Dance like it’s the last night of your life! – by Lance Kita
As a Tokushima sempai, here are five insider’s tips to enhance your “Yatto-saa!” experience.
1. Sneak Preview
With over 1.3 million visitors flooding Tokushima City during the four days of this festival, things can get a bit crowded. Residents, however, can enjoy many of the dance groups, or ren 連, as they rehearse in open spaces around town. Stroll or bike around the Tokushima Castle Park on weekday evenings from 7 – 9 pm, and the sounds of gongs, drums, and flutes will waft through the air. Washi-no-mon Gate and the boat dock along the Suketo River are two reliable places. Also try the athletic fields along the Yoshino River and the Shinmachi River boardwalk as well.
2. Odorana son son!! 踊らな損、損! (you just gotta dance!)
When you read this, it will probably be too late to join TOPIA’s Arasowaren or TIA’s ren, which are two of the best ways to participate in the dancing if you’re a foreigner (keep this in mind for next year). But don’t fret, there are two more options: Niwaka-ren にわか連 allows anyone to learn the dance. Meet at 6:30 or 8:30 pm at the City Hall Shimin Hiroba or the Motomachi odori-hiroba (see below), and they will teach you the steps and dance through an enbujo 演舞場, the alley-like stages lined with bleachers for spectators. The second way is to find an odori-hiroba 踊り広場, those free-for-all dancing areas that spring up on the street, like on the station side of the Shinmachi Bridge. Just remember to move around in a circle and don’t clump in the middle. It’s a sweaty, delirious frenzy of humanity that embodies the true spirit of the dance.
3. Bigger’s not always better
There are four paid enbujo: Shiyakusho-mae 市役所前 (in front of the City Hall), Minami Uchimachi 南内町 (near the Ryogoku Bridge), Konya-machi 紺屋町 (near the Akitamachi drinking district), and Aibahama 藍場浜 (between the Shinmachi River and Sogo Dept. Store). Famous ren pass through them, and most tourists have the enbujo as their image of Awa Odori. Here’s a secret: Smaller stages are less crowded, free (usually), and still have a good selection of dancing. One that I recommend is the Yonden stage, in front of Shikoku Electric’s head office, behind the City Department store near Tokushima Station. One more hidden gem is the street corner in front of the Kenban Building in the Tomida-machi area. The traditional Awa Odori rhythm, awa-zomeki 阿波ぞめきis strummed by a shamisen troupe as neighbors dance in the intersection. It’s an extremely cozy, casual dance area that harkens back to the community-based roots of Awa Odori. (My personal fav)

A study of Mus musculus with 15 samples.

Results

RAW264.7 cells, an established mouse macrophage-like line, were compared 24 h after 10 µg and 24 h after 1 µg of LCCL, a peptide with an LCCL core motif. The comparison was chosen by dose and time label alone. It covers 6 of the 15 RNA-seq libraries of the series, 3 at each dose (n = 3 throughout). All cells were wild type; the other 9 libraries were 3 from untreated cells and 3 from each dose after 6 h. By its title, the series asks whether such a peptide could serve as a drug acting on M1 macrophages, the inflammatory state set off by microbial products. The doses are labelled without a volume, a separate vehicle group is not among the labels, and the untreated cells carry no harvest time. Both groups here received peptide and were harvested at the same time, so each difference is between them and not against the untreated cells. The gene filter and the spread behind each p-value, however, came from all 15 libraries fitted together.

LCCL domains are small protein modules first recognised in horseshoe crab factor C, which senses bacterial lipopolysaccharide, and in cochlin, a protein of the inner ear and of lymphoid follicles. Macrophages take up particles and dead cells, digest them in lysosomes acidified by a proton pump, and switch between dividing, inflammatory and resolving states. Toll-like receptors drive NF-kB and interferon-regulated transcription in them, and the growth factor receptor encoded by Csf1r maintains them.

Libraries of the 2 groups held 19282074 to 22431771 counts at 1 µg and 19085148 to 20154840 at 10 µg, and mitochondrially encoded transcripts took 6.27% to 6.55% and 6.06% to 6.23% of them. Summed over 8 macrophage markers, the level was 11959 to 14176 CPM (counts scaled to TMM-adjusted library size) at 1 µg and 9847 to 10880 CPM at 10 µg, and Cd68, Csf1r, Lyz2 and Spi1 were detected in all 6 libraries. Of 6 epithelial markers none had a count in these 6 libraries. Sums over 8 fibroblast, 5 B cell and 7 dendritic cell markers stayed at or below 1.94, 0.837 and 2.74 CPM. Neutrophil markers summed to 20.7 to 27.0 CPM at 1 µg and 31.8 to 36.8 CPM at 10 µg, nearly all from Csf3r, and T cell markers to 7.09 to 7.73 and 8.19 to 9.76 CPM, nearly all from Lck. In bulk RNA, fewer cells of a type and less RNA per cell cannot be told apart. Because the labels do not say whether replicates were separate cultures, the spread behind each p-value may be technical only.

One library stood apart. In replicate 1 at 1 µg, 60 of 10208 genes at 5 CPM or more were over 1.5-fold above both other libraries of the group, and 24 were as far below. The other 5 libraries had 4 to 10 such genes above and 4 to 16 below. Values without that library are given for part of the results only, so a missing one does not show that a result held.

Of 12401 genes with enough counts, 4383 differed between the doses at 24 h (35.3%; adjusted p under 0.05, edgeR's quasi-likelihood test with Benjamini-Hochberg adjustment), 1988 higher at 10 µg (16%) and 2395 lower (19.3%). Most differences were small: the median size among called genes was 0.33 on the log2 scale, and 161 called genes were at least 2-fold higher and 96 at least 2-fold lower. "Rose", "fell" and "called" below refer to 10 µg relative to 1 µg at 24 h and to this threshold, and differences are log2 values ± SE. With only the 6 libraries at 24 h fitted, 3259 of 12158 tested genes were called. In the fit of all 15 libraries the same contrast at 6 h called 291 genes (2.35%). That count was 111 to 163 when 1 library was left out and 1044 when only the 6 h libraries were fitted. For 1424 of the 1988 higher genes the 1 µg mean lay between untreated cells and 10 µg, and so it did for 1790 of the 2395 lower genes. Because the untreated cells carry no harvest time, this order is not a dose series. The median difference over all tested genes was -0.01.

4. Get out of the city
Tokushima City is not the only place that has Awa Odori. Many of the major towns host their own festivals, which are just as lively, food/drink-laden, and colorful as the big one. Naruto’s festival kicks off with a huge fireworks show on August 7, with the main dancing from August 9-11. Miyoshi City’s Ikeda has a festival from August 14-16. Yoshinogawa City’s festival also happens on those days in front of Kamojima Station. Other towns’ summer festivals will usually have Awa Odori in addition to their local dance. Get out and mingle with your local community!
5. Wait till the end
For those who are getting tickets to one of the enbujo, may I suggest the later time slot at the Minami-Uchimachi enbujo…it comes with a bonus. All of the “famous” ren 有名連 converge on this stage and dance through it en masse to close out the evening in a procession known as So-Odori総踊り. Imagine a sea of dancers, filling every possible bit of space in the enbujo, an undulating wave of colors, hats, fans, and flying hands. It’s a sight that’s enough to make one say “lucky you live in Tokushima.”
I hope you’ll take these bits of wisdom and really savor the unique dance culture in this prefecture.